Surrey has opened its new city hall in Whalley, which it is optimistically re-branding as Surrey City Centre. Business in the new hall began on Monday.
The completion of the project is a key part of Mayor Dianne Watts’ strategy – to make Surrey as good or better than any city in the Lower Mainland, position it to be B.C.’s largest city one day, and provide services that are geared to its large, multicultural and youthful population.
The new hall will bring together city staff who have been working in five separate buildings, as the former city hall simply could not accommodate all of them. It offers a performing arts space that will also be used for council meetings. It is a signature building in a key part of the city.
And it is built to serve as the city hall for a long time – perhaps as long as 50 years.
On that note, it is interesting that the former city hall has served that purpose for just over 50 years, and its predecessor also served as the municipal hall for 50 years. It seems when Surrey builds city halls, it builds them to last.
The 1912 hall, now the Surrey Archives, cost about $14,000 to build. The original 1962 hall, which underwent many additions and renovations over the years, was initially budgeted at $500,000. Surrey is hoping that leasing it out will help it to recover some of the costs of building the new hall.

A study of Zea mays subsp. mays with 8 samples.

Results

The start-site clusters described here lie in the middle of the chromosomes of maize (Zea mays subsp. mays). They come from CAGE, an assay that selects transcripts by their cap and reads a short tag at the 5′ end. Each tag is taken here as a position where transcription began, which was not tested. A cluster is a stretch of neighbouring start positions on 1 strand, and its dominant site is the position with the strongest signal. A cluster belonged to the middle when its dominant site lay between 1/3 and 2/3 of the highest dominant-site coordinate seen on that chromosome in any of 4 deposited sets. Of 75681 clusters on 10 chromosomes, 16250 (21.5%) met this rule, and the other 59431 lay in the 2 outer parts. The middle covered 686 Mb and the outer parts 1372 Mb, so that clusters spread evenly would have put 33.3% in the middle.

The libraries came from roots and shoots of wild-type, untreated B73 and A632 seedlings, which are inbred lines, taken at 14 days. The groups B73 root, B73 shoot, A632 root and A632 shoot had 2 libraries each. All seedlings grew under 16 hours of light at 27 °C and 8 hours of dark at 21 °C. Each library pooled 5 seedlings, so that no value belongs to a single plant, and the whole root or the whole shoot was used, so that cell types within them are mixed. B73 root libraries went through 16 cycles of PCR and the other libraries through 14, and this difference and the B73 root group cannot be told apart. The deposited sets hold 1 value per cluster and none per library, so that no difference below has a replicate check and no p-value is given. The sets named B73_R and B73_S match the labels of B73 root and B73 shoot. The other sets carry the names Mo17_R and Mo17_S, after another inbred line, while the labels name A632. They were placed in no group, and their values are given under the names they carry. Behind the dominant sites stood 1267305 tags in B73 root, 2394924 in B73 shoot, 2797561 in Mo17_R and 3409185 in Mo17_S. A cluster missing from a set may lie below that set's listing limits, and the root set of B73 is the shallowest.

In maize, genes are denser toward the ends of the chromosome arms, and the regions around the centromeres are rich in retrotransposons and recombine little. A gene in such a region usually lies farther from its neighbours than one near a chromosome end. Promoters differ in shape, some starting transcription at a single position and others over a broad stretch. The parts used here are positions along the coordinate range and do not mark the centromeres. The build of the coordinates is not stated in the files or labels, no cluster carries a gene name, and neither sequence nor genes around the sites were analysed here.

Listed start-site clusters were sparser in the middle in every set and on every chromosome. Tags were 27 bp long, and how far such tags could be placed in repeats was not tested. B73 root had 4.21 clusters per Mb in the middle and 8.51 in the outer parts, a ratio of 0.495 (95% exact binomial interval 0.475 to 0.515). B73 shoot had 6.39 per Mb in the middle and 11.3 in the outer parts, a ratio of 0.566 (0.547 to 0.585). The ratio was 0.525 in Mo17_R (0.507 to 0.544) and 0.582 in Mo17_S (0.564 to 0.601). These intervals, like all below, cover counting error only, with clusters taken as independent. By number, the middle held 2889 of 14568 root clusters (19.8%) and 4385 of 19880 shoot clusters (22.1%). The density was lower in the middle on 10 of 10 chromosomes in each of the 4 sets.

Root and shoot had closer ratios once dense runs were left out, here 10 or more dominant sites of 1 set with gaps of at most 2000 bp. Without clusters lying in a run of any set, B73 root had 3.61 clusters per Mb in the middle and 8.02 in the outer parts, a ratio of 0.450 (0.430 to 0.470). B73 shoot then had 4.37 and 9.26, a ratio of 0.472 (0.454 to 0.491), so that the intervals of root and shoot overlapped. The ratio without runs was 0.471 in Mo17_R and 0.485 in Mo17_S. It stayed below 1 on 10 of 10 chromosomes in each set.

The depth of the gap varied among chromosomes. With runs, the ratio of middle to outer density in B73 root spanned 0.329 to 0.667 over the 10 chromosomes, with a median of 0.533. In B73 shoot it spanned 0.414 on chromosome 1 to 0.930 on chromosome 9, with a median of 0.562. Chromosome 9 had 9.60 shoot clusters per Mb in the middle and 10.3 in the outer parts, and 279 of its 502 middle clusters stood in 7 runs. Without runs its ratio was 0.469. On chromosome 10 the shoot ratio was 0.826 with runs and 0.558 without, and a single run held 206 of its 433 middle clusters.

Watts has long felt that Whalley would be the best place for the new hall, as it has long been earmarked as the town centre for a larger region, extending beyond Surrey’s boundaries. This designation goes back many years, certainly to before the construction of the first SkyTrain line, which opened in 1986, and was first extended to Surrey in 1990.
Surrey City Centre is far from being the centre of the city.
Making Holland Park more of a venue for big events, and the opening of the Simon Fraser University campus has helped, but the fact remains that many more people live in other parts of Surrey. The Newton area is the most-populated, and populations in Fleetwood, Guildford, Cloverdale and South Surrey have all grown dramatically in the past 20 years.
It seems that the designation of Whalley as the “centre” of the city, when it is located in the far northwest quadrant, is driven as much by SkyTrain and regional plans as it is by actual facts. It may well become the heart of the growing city, but it will never be close to the geographical centre of Surrey.
However, investors have put a lot of money into highrises in that area; the province has invested in SkyTrain and the university campus; and the city has invested in a new library, community centre, Holland Park and now city hall. It all adds up.
Surrey is quite capable of turning Whalley into Surrey City Centre, but it will require an unwavering commitment from council, city staff and residents.
That in turn requires strong leadership from the mayor, business leaders, educators and support from the federal and provincial governments.
“The future lives here,” but that requires strong commitment to make it happen.
Frank Bucholtz is the editor of The Langley Times. He writes weekly for The Leader.